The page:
New Hampshire Secretary of State Makes Decision on Potentially Blocking Trump from 2024 Ballot

Photo by Paul Steinhauser/Fox News

The New Hampshire Secretary of State announced this week that he won’t invoke the 14th Amendment of the U.S. Constitution to block Trump from the 2024 primary ballot, amid increasing talk that Trump could be removed from the ballot over the incident at the Capitol on January 6th 2021.

At the news conference at the state house in Concord on Wednesday, New Hampshire Secretary of State Dave Scanlan addressed legal efforts by some to prevent Trump from getting his name on the 2024 ballot, citing the 14th amendment to the U.S. Constitution, which disqualifies those who’ve taken an oath to support the Constitution from holding office again if they’ve “engaged in insurrection or rebellion” against the U.S. “or given aid or comfort to the enemies thereof.”

“President Donald J. Trump is once again at the forefront of political attacks, this time by those who are attempting to disqualify the former President from appearing on New Hampshire’s primary ballot by weaponizing Section Three of the Fourteenth Amendment against him,” the New Hampshire legislators wrote in a letter from the Trump campaign to Scanlan.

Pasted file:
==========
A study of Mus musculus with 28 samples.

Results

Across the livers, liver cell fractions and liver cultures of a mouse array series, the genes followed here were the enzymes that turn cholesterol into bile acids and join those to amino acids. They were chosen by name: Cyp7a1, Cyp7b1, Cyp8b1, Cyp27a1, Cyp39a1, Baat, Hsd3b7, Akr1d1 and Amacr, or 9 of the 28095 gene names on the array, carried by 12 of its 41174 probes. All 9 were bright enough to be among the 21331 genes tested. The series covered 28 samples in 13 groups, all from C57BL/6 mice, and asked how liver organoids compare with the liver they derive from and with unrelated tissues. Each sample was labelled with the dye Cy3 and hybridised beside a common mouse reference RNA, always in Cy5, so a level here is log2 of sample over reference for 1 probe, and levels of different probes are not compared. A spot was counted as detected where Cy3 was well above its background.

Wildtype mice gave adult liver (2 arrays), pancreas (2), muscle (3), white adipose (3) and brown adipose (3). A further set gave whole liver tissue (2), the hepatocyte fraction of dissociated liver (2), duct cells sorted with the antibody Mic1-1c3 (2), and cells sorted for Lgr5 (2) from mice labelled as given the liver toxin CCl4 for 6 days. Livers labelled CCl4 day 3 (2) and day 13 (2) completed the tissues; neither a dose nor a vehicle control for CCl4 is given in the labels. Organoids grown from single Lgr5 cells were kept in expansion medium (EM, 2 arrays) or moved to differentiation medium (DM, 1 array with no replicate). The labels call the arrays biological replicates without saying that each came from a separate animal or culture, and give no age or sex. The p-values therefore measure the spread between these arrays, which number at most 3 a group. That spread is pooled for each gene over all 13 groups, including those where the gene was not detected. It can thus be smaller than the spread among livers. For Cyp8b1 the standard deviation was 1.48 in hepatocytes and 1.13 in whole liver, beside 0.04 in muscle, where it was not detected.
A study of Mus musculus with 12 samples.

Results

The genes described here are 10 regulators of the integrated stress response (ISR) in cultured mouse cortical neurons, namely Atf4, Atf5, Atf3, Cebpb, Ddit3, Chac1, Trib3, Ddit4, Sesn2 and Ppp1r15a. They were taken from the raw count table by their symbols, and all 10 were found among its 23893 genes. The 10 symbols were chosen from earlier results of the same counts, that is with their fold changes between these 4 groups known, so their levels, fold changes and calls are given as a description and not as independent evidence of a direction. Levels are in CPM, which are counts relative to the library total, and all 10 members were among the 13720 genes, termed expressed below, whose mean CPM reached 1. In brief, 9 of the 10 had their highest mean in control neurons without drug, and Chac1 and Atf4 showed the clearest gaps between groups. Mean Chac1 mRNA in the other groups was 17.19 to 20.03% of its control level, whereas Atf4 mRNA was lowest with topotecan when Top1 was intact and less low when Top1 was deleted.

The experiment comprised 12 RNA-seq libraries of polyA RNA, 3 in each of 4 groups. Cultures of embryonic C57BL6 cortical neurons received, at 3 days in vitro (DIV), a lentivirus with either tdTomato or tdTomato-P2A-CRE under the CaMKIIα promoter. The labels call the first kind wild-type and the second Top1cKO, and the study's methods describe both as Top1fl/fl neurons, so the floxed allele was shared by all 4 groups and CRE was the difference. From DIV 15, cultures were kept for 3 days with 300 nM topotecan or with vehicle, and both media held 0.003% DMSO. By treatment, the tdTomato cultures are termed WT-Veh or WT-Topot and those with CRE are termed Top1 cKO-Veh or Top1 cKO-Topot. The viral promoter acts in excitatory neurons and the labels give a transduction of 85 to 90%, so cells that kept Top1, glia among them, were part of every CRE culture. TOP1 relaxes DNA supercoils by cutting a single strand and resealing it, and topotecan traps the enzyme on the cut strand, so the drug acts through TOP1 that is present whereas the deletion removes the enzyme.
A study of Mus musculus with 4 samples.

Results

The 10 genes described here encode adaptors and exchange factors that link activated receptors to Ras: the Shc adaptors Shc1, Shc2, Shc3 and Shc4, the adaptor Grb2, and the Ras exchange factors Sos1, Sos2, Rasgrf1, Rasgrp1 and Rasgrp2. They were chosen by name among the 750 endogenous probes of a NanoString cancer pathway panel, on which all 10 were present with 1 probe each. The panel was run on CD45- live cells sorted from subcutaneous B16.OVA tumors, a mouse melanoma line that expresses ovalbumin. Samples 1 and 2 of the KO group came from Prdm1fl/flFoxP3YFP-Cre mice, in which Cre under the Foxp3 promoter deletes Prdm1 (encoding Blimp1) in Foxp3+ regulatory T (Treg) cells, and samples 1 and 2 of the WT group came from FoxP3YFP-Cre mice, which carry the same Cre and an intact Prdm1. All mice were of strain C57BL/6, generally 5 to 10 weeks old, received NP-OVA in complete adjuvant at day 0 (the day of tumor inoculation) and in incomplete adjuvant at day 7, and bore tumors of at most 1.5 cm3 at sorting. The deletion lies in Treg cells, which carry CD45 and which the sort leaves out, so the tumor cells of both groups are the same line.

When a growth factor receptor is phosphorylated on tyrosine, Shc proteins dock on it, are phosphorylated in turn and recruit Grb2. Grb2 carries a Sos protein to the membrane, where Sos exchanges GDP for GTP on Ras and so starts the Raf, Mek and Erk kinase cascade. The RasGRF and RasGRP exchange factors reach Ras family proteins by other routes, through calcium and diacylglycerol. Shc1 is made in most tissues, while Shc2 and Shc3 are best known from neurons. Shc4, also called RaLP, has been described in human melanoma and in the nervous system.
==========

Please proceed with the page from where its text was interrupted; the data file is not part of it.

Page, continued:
Scanlan said that as long as Trump “submits his declaration of candidacy and signs it under penalties of perjury, pays the $1,000 filing fee, his name will appear on the presidential primary ballot”, which is scheduled for February 2024.

 Scanlan emphasized on Wednesday that “there is no mention in New Hampshire state statute that a candidate in a New Hampshire presidential primary can be disqualified using the 14th Amendment of the United States Constitution referencing insurrection or rebellion.”

“There is nothing in the 14th Amendment that suggests that exercising the provisions of that amendment should take place during the delegate selection process as held by the different states,” he added. “There is nothing in our state statute that gives the Secretary of State discretion in entertaining qualification issues once a candidate swears under the penalties of perjury that they meet the qualifications to be president.”

Scanlan also sought legal input from the New Hampshire Attorney General’s Office, Fox News has reported. Attorney General John Formella agreed and highlighted that state law “does not afford the Secretary of State discretion to withhold a candidate’s name from the ballot on the grounds that the candidate may be disqualified under Section Three when a candidate has not been convicted or otherwise.”

In August New Hampshire Attorney General John Formella’s office announced that it is “reviewing the legal issues involved” regarding using the 14th amendment to remove Trump from the ballot, at the request of Scanlan’s office.

Several States so far have announced that they don’t have the authority to remove Trump from the 2024 ballot. So far not a single state has prevented the former President from having his name on the ballot.